That is exactly what a team of researchers from the University of Lincoln in the UK and the University of Sao Paulo in Brazil have attempted to discern. Why is this being studied?
Because being able to combine two different inputs (sight and sound) to understand mood has only been observed in humans to this point.
The study involved showing dogs image and sound pairs while watching the dogs attention. They used both positive and negative emotions in their testing.
What did they find?
That you have your dog’s attention longer when your facial expression matched your vocal tone. Likewise a dog will pay attention longer to a corresponding visual and auditory stimulus from other dogs longer versus a mismatched visual and auditory stimulus.
The researchers claim that this is evidence that the dogs are forming “abstract mental representations of positive and negative emotional states” and not simply displaying a learned behavior.
Previous studies have indicated that dogs can differentiate between human emotions from cues such as facial expressions, but this is not the same as emotional recognition,” said Kun Guo from the University of Lincoln. “Our study shows that dogs have the ability to integrate two different sources of sensory information into a coherent perception of emotion in both humans and dogs. To do so requires a system of internal categorisation of emotional states.”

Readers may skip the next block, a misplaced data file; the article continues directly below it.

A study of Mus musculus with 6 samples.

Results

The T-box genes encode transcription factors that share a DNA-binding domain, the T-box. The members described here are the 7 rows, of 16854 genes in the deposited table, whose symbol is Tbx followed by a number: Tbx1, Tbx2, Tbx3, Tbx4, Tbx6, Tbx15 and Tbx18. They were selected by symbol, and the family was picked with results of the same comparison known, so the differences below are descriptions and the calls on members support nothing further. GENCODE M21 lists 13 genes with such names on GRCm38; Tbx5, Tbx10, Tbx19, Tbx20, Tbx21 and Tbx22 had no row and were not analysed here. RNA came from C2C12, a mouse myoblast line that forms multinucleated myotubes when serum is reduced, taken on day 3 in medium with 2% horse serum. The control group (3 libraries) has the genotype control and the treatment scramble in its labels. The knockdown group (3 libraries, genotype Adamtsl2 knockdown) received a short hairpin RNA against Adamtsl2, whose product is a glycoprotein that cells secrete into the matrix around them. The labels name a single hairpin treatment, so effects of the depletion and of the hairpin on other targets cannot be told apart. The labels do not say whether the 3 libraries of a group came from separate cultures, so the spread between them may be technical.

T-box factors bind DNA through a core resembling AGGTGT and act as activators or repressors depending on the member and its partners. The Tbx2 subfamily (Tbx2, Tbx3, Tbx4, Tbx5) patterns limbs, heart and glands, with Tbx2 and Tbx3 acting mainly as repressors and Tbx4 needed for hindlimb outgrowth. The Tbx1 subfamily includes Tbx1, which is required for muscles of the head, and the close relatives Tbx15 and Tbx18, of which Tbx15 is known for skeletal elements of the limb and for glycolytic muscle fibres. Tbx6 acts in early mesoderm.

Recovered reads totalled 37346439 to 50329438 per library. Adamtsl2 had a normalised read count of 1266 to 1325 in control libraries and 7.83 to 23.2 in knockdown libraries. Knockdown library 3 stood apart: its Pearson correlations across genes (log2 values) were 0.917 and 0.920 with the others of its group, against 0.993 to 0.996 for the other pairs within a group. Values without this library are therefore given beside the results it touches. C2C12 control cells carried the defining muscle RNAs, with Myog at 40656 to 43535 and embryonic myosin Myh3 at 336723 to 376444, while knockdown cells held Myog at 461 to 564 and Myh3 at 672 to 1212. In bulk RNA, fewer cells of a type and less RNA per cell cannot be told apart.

“Importantly, the dogs in our trials received no prior training or period of familiarisation with the subjects in the images or audio,” says Mills. “This suggests that dogs’ ability to combine emotional cues may be intrinsic. As a highly social species, such a tool would have been advantageous and the detection of emotion in humans may even have been selected for over generations of domestication by us.”
This shows that these dogs had the ability to recognize the emotion and not just respond from associative behavior. An example of an associative behavior would be cowering when confronted with an angry voice.
You can read more about their experiment in the journal Biology Letters.
What do you think, Can dogs interpret emotion or are they simply responding based on a learned response?